Half the artists who frequent this site are probably in San Diego for the comic convention. Good! I'm in the mood to write something really, really off-topic...something that absolutely no artist will want to read! Here goes....
TWO OBSERVATIONS ABOUT ROMANCE
First off, the picture above relates to my second point and has no relation to the kind of romance I'm writing about in this paragraph. Here I'm writing about the Romantic Era which may have started with Rousseau but reached its height in the 19th century. Now the odd thing is that the Romantic movement quickly split in two. It meant something totally different in England than it did on the continent. In England it was primarily a literary movement. It influenced poetry and stories and gave us novels like "Frankenstein." On the continent it was mainly a philosophical movement and it produced anti-Enlightenment philosophers like Nietzche and Mussolini.
English Romanticism favored people like Byron and Colleridge. Continental Romanticism favored Napoleon. Even the people who fought Napoleon openly admired him. He was informed by reason but he was said to have transcended it through his will. Continental literature of the period was full of references to will and the philosophers codified it. I love what the English did with Romanticism; I can't even begin to understand the continental variety.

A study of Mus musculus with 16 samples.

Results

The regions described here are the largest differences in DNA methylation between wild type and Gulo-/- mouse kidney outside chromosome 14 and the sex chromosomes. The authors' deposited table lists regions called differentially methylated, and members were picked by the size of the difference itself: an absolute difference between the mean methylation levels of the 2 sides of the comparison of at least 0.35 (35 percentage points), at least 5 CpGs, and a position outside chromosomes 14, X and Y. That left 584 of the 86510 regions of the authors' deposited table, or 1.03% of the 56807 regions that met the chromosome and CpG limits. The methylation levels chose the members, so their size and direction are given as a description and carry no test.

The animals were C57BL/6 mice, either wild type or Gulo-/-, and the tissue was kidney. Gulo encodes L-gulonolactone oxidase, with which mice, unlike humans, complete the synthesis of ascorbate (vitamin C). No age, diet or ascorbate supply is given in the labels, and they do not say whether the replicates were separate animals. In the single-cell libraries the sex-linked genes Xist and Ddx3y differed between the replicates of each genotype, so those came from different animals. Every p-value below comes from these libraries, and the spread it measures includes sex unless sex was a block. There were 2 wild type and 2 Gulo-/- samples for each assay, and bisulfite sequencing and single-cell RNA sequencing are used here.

Here's the second observation about romance. This time I'm talking about romance in the sense of a man and a woman falling in love. My guess is that romance is one of the factors responsible for the concept of human rights and liberty. Lots of institutions give lip service to supporting love and families but I get the feeling that every institution actually feels threatend by them. People who are passionately in love have their own agenda and they're willing to die for it. It's amazing that the medieval troubadors would have sided with this anti-social behavior. Eventually they persuaded society to support lovers at the expense of the weakening of the state. Interesting, huh?
Thanks to Steve Worth for the French postcard. Also, I hope Blogger will publish the paragraphs in type that's all the same size, as it is in the window I'm writing it in.